Zuma tells jailed Lula da Silva ‘the mighty truth will prevail’

Brazil's then president, Luiz Inácio Lula da Silva (L), greets his then South African counterpart, Jacob Zuma (R), before their meeting at the Itamaraty Palace in Brasilia, Brazil, 15 April 2010. EPA/Antonio Lacerda

The Brazilian former leader has opted to stay in jail and clear his name rather than be released into house arrest.

Following Brazil’s leftist icon Luiz Inacio Lula da Silva decision last month to stay behind bars rather than apply for home detention, he has received support from his former counterpart in Brics, former president Jacob Zuma.

Lula has maintained his innocence after being jailed on corruption charges, his lawyers say.

Zuma, who has not previously tweeted anything since August 12, sent a message to Lula in Latin. The well-known proverb, popularised by a poem, means: “Truth is mighty and will prevail.”

Ex-president Lula has been incarcerated at the federal police headquarters in the southern city of Curitiba since April 2018, after he was sentenced to eight years and 10 months in jail for supposedly accepting a bribe.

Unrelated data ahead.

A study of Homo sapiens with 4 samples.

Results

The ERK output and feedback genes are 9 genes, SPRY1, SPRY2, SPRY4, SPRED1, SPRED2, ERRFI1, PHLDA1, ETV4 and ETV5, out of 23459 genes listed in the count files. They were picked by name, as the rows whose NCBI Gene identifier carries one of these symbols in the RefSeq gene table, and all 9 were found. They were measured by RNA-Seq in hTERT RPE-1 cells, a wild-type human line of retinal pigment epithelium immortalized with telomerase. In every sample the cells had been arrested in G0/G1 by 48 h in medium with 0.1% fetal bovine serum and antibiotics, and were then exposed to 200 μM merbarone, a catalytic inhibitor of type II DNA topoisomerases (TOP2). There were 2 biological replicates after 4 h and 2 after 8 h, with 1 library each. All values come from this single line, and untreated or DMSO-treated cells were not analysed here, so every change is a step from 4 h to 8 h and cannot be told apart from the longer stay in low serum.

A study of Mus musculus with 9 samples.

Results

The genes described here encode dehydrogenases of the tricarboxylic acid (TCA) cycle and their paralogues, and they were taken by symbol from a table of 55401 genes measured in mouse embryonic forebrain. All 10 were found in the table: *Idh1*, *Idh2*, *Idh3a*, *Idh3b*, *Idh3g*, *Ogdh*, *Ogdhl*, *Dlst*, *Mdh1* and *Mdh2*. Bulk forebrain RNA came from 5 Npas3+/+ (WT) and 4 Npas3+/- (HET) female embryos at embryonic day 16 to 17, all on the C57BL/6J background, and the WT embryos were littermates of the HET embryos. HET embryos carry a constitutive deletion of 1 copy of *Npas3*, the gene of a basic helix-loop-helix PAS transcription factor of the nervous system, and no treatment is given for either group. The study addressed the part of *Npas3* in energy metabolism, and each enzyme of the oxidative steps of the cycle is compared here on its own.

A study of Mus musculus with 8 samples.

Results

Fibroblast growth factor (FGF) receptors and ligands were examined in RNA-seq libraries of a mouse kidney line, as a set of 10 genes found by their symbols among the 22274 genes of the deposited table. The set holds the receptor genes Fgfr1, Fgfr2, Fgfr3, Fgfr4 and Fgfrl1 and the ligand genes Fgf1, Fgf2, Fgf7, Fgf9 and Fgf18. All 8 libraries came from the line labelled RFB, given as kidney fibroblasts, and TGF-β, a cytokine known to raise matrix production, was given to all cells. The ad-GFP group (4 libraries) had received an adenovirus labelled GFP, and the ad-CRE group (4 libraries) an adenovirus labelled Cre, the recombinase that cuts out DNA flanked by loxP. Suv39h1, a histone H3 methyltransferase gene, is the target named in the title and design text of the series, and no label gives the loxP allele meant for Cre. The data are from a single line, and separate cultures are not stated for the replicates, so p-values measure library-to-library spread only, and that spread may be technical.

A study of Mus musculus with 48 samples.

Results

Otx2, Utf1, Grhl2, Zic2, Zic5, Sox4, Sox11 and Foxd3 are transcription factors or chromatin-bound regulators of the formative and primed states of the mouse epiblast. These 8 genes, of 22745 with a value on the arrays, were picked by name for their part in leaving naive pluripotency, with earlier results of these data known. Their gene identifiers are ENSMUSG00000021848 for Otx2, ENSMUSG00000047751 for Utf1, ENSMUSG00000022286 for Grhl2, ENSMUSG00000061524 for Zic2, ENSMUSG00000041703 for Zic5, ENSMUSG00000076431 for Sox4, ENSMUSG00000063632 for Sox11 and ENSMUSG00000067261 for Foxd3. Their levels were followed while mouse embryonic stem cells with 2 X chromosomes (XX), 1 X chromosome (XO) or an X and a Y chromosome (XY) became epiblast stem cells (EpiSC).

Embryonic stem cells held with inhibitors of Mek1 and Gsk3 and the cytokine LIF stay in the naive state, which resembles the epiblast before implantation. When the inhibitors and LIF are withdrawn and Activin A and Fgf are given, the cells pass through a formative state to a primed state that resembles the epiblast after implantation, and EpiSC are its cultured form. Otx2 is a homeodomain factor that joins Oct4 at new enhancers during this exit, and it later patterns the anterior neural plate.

After completing one-sixth of his sentence at the end of September, he was eligible under Brazilian law to apply for house or semi-open detention, which would allow him to leave prison during the day.

But Lula decided to forgo the option in order to “pursue the full restoration of his freedom, along with the recognition that he was a victim” of a contaminated judicial process, his defence team said in a statement to AFP.

The Supreme Court last month voted to suspend the transfer of Lula to a regular prison until after it rules on whether Justice Minister Sergio Moro, who was Lula’s convicting judge in 2017, was biased.

That decision could lead to a review of Lula’s case.

Moro, the powerful judge behind the so-called Car Wash corruption probe before he was appointed to President Jair Bolsonaro’s cabinet, has been accused of conspiring with prosecutors to keep Lula out of the 2018 election, which the ex-president was favoured to win, even though he was in jail.

Scores of high-profile politicians and business leaders have also been caught up in the years-long investigation.

Zuma, too, has been caught up in more than his own fair share of corruption investigations and charges, which he similarly describes as a delegitimate campaign against him.

It was reported this week that state capture inquiry has sent Zuma 80 questions about the evidence given against him in its hearings, “including queries about the proposed nuclear deal with Russia, why he fired finance ministers Nhlanhla Nene and Pravin Gordhan and details about his relationship with late Bosasa CEO Gavin Watson”.